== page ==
In an article posted online entitled “All Hairstyles Are Not Created Equal”, researchers at the Johns Hopkins University School Of Medicine in Baltimore detail the findings of a study they conducted which set out to find a correlation between hair loss and how African-American women wear their hair.
After reviewing 19 separate studies, the team said they could confirm “a strong association” between certain hairstyles that place excessive tension on the scalp and the hair loss condition Traction Alopecia.
Traction Alopecia is the only fully preventable form of hair loss as it arises when someone chooses to frequently wear a hairstyle that causes prolonged pulling on their hair follicles due to tension and/or weight. Whilst hair loss experts like the specialists here at Belgravia know Traction Alopecia and its causes intimately, the Johns Hopkins findings could prove useful to dermatologists and the wider community from an educational point of view.
One third of African-American women affected
The researchers say that a third of African-American women are affected by Traction Alopecia, and that it is the most common form of hair loss among this group. This latter statement is at odds with the outcome of a recent research project, ‘The Black Women’s Health Study’ carried out by Boston University’s Slone Epidemiology Centre, which found that Central Centrifugal Cicatricial Alopecia – a form of scarring alopecia – was the most common hair loss condition among the 5,500 African-American women studied.
“Hair is a cornerstone of self-esteem and identity for many people,” says Crystal Aguh, M.D., assistant professor of dermatology at the Johns Hopkins University School of Medicine, “but ironically, some hairstyles meant to improve our self-confidence actually lead to hair and scalp damage.”
Ms Aguh goes on to say that: “We have to do better as care providers to offer our patients proper guidance to keep them healthy from head to toe.”
Traction Alopecia, as previously stated, can be avoided entirely and, whilst this study investigated its predominance in the black community due to women’s hairstyling practices and the brittle nature of afro hair, it can affect men and women – even children – of all races. Luckily, in many instances where it is evident the condition will start to improve the minute the hairstyle is changed for one that stops putting pressure on the hair follicle. Sometimes, though, the damage is so severe that permanent damage to the follicle has been caused.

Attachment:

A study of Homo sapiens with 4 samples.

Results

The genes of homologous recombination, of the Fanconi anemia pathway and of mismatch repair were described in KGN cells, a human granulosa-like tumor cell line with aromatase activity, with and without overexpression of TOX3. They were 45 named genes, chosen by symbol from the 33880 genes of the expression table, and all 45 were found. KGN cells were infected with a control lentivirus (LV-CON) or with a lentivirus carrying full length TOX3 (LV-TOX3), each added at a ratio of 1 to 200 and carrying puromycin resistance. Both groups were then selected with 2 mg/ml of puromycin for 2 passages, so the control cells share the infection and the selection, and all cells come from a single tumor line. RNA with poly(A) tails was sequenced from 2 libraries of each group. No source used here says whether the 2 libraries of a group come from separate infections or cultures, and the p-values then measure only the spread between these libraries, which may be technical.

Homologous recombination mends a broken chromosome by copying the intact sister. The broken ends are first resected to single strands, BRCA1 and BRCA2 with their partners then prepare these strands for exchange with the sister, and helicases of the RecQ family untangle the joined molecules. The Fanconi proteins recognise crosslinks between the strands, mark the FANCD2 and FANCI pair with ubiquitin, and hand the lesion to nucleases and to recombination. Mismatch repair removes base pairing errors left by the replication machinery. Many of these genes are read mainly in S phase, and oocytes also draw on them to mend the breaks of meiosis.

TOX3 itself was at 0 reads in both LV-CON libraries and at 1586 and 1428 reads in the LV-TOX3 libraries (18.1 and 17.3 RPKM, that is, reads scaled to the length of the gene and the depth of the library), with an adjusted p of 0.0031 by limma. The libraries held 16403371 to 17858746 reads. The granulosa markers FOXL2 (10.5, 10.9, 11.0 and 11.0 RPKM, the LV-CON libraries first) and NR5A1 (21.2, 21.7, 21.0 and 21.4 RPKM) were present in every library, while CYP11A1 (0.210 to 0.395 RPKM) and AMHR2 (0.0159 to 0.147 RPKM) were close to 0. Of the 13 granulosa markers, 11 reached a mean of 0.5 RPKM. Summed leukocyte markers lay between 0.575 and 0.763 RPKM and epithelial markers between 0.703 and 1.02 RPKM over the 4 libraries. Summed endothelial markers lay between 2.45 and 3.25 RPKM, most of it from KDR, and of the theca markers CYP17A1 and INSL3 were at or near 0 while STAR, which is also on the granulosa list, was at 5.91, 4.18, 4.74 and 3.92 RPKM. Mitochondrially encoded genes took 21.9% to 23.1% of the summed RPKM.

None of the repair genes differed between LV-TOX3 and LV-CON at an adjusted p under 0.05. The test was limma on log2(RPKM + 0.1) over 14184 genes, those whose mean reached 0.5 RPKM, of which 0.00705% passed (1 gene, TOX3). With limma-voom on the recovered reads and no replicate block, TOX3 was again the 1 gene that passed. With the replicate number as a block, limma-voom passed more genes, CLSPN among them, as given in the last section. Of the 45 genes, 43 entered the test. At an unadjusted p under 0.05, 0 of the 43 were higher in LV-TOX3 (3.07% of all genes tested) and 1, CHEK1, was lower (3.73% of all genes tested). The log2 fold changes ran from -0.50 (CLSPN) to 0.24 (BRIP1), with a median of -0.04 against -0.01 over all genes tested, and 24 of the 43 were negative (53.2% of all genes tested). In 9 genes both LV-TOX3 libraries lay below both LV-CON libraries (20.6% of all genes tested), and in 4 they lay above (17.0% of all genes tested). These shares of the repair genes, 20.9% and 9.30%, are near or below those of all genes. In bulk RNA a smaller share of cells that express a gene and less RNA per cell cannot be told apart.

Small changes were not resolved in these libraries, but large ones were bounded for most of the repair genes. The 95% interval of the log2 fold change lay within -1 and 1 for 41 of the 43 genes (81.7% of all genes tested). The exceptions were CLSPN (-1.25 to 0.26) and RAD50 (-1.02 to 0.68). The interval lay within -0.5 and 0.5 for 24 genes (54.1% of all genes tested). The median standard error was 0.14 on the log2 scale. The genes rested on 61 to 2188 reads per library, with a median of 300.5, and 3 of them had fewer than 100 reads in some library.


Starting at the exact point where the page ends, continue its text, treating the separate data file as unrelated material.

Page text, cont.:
A bespoke Traction Alopecia treatment course can offer relief by promoting regrowth – sometimes significant – however it will not fix permanently damaged hair follicles. At Belgravia many encouraging regrowth results have been achieved for clients by using recommended preparations of high strength minoxidil which is applied straight to the thinning areas, daily. This medication is suitable for use by both men and women and can also be used alongside a range of hair growth boosters to improve the condition of the hair and aid the action of the treatment.
Highest risk styles
The Johns Hopkins team correctly assert that the highest-risk hairstyles in terms of Traction Alopecia include braids, dreadlocks, weaves and hair extensions – even more so when they have been applied to chemically straightened or ‘relaxed’ hair. They also point out that further problems can arise if extensions have been attached with glue that has been applied directly to the scalp.
Some of the above styles are deemed ‘moderate risk’ by the Johns Hopkins team when they are applied to natural hair. In other words, hair that has not been chemically treated but is fashioned into a ‘tight’ hairstyle may be less likely to lead to Traction Alopecia. Other styles and treatments that fall into the moderate risk category include thermal straightening, permanent waving and the use of some kinds of wigs. The team states that the use of flat irons and blow drying can weaken shafts which may not be a problem in itself but could lead to “significant” hair loss when applied to one of the hairstyles that often lead to Traction Alopecia.
Interestingly, the team have come up with some guidelines pertaining to how long styles that can lead to Traction Alopecia should remain in place before they are swapped for something less stressful on the scalp. They recommend that braided hairstyles should be in place no longer than three months, while weaves and extensions should be removed after a maximum of eight weeks. By removing the styles somewhat earlier, however, the risk of Traction Alopecia is obviously reduced.
Traction Alopecia tends to display around the hairline which starts to recede due to the strain placed around the front of the head, so anyone concerned that they may be losing their edges should start to wear their hair naturally, stop any heat-styling practices and consult a hair loss specialist nurse for a diagnosis and professional treatment advice.
The Belgravia Centre is the leader in hair loss treatment in the UK, with two clinics based in Central London. If you are worried about hair loss you can arrange a free consultation with a hair loss expert or complete our Online Consultation Form from anywhere in the UK or the rest of the world. View our Hair Loss Success Stories, which are the largest collection of such success stories in the world and demonstrate the levels of success that so many of Belgravia’s patients achieve. You can also phone 020 7730 6666 any time for our hair loss helpline or to arrange a free consultation.